Within a matter of days, or even hours, the commercial space race enters a new realm. The first US commercial space flight to the International Space Station, conducted by Space Exploration Technologies (SpaceX), a private company, is set to launch on Saturday, May 19th, if all goes well.
UPDATE 5-31-2012: The Dragon capsule made a successfully re-entry to earth, splash-landing in the Pacific at at approximately 8:42 AM Pacific/11:42 AM Eastern, SpaceX announced.
UPDATE 5-25-2012: The Dragon space capsule successfully docked with the International Space Station, becoming the first commercial spacecraft to attach there. The capsule is scheduled to return to earth May 31st.
UPDATE 5-22-2012: The spacecraft was successfully launched at 3:44 a.m. Eastern Time, with the Falcon 9 carrying Dragon launched from SpaceX’s launch pad. Now Dragon heads toward the International Space Station.
UPDATE 5-19-2012: The launch was aborted on the first attempt. SpaceX reports “slightly high combustion chamber pressure on engine 5, which prompted the computer to abort the countdown. We are reviewing the data.” The next attempt was scheduled for May 22nd.)
SpaceX will launch its Dragon space capsule on top of a Falcon 9 rocket from NASA’s Cape Canaveral launch complex.
The SpaceX craft may potentially serve as a cost-effective replacement for the recently retired NASA Space Shuttle. It also opens the door to a new era of private space travel, either flying on their own ventures, or contracted by government agencies such as NASA.
“We’ve been working very closely with SpaceX, who is the industry partner on this mission,” Lori Garver, deputy administrator for NASA, told Federal News Radio. “The company has been reviewing all of the flight-readiness activities that used to be NASA’s job.”
The SpaceX launch represents the first attempt by a commercial company to send a spacecraft to the space station. SpaceX says this will be a “demonstration mission,” intended to provide NASA and SpaceX with valuable insight to ensure successful future missions.
Dragon will deliver food, research materials, and computer supplies to ISS. During the mission, Dragon must perform a series of complex tasks, each presenting significant technical challenges. Dragon will first orbit the Earth for four days while mission controllers test the spacecraft’s systems and sensors to determine if the vehicle is ready to berth with the space station. These tests include maneuvers and systems checks that see the vehicle come within 1.5 miles of the station.
Once NASA gives the go-ahead to dock with the station, Dragon will be captured by station’s robotic arm and attached to the station. ISS astronauts will then open Dragon’s hatch, unload supplies and fill Dragon with return cargo. After approximately two weeks, Dragon will detach from the station and returns to Earth, landing in the Pacific, hundreds of miles west of Southern California.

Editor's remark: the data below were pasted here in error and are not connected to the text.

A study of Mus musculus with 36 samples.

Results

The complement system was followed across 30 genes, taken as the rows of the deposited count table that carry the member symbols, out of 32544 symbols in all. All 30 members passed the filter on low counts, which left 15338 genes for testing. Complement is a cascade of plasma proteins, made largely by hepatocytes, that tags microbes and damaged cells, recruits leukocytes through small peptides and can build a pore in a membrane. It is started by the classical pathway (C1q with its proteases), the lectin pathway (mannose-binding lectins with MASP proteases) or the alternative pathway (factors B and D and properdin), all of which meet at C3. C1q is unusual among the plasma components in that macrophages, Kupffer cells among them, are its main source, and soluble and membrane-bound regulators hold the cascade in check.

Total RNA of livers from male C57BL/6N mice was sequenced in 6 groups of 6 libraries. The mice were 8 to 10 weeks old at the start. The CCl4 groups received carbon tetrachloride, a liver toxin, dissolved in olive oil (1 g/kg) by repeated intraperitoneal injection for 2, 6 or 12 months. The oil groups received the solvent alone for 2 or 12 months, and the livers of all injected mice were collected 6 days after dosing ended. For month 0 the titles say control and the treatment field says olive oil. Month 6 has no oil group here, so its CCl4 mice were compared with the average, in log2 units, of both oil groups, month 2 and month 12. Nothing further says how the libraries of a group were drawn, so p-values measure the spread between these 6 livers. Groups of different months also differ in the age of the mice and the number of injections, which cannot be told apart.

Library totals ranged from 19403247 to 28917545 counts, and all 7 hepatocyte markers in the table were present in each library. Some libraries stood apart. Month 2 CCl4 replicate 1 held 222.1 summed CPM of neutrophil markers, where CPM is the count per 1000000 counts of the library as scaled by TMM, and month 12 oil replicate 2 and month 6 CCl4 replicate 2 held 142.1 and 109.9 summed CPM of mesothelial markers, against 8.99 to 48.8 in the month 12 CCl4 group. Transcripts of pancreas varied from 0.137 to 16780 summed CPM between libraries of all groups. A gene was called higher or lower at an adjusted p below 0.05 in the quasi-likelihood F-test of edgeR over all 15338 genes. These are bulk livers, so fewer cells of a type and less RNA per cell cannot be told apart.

This is SpaceX’s second demonstration flight under a 2006 Commercial Orbital Transportation Services (COTS) agreement with NASA to develop the capability to carry cargo to and from the International Space Station. To date, SpaceX has received $381 million for completing 37 out of 40 milestones worth a possible $396 million set in that agreement. Completed milestones include the first test flight in December 2010, during which SpaceX became the first commercial company to send a spacecraft to low-Earth orbit and
recover it successfully.
Once SpaceX has successfully demonstrated Dragon’s ability to berth with the space station, it will begin to fulfill a 2008 contract signed with NASA for a minimum of 12 flights carrying supplies to and from the space station. Without the space shuttle, Dragon is the only spacecraft in the world capable of returning significant cargo from the space station.
Falcon 9 and Dragon were designed to carry astronauts in the future; these cargo missions will yield valuable flight experience toward this goal, SpaceX says. Recently, and Bigelow Aerospace (BA) announced an agreement to conduct a joint marketing effort to offer rides on SpaceX’s Dragon spacecraft, using the Falcon launch vehicle to carry passengers to Bigelow habitats orbiting the earth.
Along with the COTS program, NASA is working with private space companies on a number of levels. Last August, the agency announced it contracted with seven companies to integrate and fly technology payloads on suborbital commercial flights into space. NASA’s Flight Opportunities Program enables the agency to draw from a pool of commercial space companies to deliver payload integration and flight services. The flights will carry a variety of payloads to help meet the agency’s research and technology needs. Through these indefinite-delivery, indefinite-quantity contracts, NASA intends to provide frequent flight opportunities for payloads on suborbital platforms. The selected companies include Armadillo Aerospace, Near Space Corp., Masten Space Systems, Up Aerospace Inc., Virgin Galactic, Whittinghill Aerospace LLC, and XCOR.
As astrophysicist Neil deGrasse Tyson pointed out, we need to put imagination back into our space efforts. Perhaps the innovation that a private space race can create will revive many dreams.